Doug Ford Will Invest in Dental Care for Low-Income SeniorsPublished on May 12, 2018
Backgrounder – Seniors
Dental Care for Low-Income Seniors:
- While two-thirds of Ontarians have dental insurance, for low-income seniors that number falls to approximately one-third.
- It is estimated that 2-3 million people have not seen a dentist in the past year, mainly due to cost.
- Many seniors on fixed incomes cannot afford dental care. An inability to afford preventative dental care, results in many seniors turning to hospital emergency rooms for treatment.
- In fact, there were almost 61,000 visits to emergency departments for oral health problems in 2015 (or someone visiting the ER every 9 minutes because of dental pain), and the Association of Ontario Health Centres estimates it costs the province at least $31 million annually.
- Kathleen Wynne has let low-income seniors suffer without dental care, putting further burdens on hospitals that are already pushed to the limit.
How We Will Fix It:
- Doug Ford and the Ontario PCs will support our seniors by introducing dental care for low-income seniors.
- This investment could assist almost 100,000 seniors and can be implemented in two stages.
- First, the Ontario PCs will increase funding for dental services in Public Health Units, Community Health Centres, and Aboriginal Health Access Centres to help provide greater capacity for these services to assist low-income seniors with dental care.
- Second, the government will invest in new dental services in underserviced areas, including increasing capacity in public health units and investing in mobile dental buses.
- These investments will cost the government $98 million annually once fully implemented.
- The low-income threshold for the Ontario Drug Benefit will be used. Therefore, a single senior with an income of $19,300 or less will qualify, or a couple with a combined income of $32,300 or less will qualify.
Building Long-Term Care Beds:
- There is a crisis in our health care system: our hospitals are being pushed to the breaking point and patients are receiving care in hallways.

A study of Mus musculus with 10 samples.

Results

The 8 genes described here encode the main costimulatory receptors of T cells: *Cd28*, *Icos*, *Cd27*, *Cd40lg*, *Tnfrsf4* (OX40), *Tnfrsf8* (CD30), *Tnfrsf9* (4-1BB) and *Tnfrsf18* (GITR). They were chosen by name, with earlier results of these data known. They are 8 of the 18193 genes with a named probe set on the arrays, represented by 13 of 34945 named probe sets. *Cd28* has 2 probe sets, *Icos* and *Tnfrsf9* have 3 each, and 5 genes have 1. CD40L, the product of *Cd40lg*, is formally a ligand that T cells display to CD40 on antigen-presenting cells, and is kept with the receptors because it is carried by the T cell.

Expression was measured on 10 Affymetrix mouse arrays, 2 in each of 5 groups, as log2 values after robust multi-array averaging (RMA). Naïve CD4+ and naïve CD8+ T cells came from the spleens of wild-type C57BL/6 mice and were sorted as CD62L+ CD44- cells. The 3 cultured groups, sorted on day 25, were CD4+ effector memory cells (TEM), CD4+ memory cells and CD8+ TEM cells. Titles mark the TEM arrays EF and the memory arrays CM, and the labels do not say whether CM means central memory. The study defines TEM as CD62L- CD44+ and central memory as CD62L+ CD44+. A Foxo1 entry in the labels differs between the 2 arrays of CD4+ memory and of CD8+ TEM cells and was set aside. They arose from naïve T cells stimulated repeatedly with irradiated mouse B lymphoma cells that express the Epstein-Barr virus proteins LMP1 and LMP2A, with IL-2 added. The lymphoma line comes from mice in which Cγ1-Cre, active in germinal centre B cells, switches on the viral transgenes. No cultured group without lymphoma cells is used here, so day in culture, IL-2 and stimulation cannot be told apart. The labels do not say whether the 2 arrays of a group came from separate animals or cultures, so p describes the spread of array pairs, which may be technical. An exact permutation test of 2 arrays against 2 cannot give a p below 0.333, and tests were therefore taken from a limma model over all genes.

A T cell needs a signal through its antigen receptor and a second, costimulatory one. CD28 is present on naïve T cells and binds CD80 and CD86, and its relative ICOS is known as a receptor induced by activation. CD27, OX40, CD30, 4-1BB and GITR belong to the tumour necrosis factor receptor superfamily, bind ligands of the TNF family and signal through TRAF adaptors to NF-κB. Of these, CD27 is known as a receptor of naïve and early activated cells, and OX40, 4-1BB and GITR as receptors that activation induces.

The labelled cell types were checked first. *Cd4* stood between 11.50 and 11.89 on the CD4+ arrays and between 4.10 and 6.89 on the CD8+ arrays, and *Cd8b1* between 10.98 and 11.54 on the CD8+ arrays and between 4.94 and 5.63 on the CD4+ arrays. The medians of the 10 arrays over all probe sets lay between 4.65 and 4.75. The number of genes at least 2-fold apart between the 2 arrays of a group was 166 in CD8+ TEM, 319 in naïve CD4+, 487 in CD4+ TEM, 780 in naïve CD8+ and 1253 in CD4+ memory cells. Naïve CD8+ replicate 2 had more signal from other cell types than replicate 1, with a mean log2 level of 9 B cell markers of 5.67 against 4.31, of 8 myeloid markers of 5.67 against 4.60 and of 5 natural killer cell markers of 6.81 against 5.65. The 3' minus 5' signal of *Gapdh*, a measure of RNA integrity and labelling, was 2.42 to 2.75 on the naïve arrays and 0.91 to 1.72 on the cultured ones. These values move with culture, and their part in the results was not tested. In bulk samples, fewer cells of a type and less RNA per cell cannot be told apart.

- For the past 15 years, the Liberals have known Ontario’s seniors population would continue to grow but failed to take the appropriate steps to ensure the system would be prepared to care for them.
- For example, there are currently more than 32,000 seniors on the waiting list for a long-term care bed in Ontario and, in 2041, the provincial senior population is expected to almost double to 4.6 million from the current 2.3 million.
- One of the main reasons for hospital overcrowding, and long waiting lists, is the large number of Alternative Level of Care (ALC) patients – those whose conditions should not necessitate hospital stays, but remain in hospital because there is not a more appropriate care setting or provider available.
- We’ve seen similar issues with mental health in Ontario. As the Auditor General highlighted in 2016, emergency room usage for mental health reasons increased by 21% over the last five years, while Ontario’s population grew by only 4% during the same period.
- The Liberal’s legacy on health care can be defined by mismanagement, scandals, and cuts to front-line health care workers. There has been little planning to address long-term care and hospital capacity issues.
How We Will Fix It:
- A Doug Ford Ontario PC Government will cut hospital wait times and end hallway medicine.
- We will do this by committing to build 15,000 long-term care beds in five years and 30,000 beds in ten years.
- This plan will ensure that seniors and the elderly in Ontario get high-quality care in the most appropriate setting.
- These policies, in combination with our $1.9 billion investment in mental health, addictions, and housing supports will cut hospital wait times in Ontario. Together, with the federal government’s contribution, we will invest $3.8 billion in mental health, addictions, and housing supports.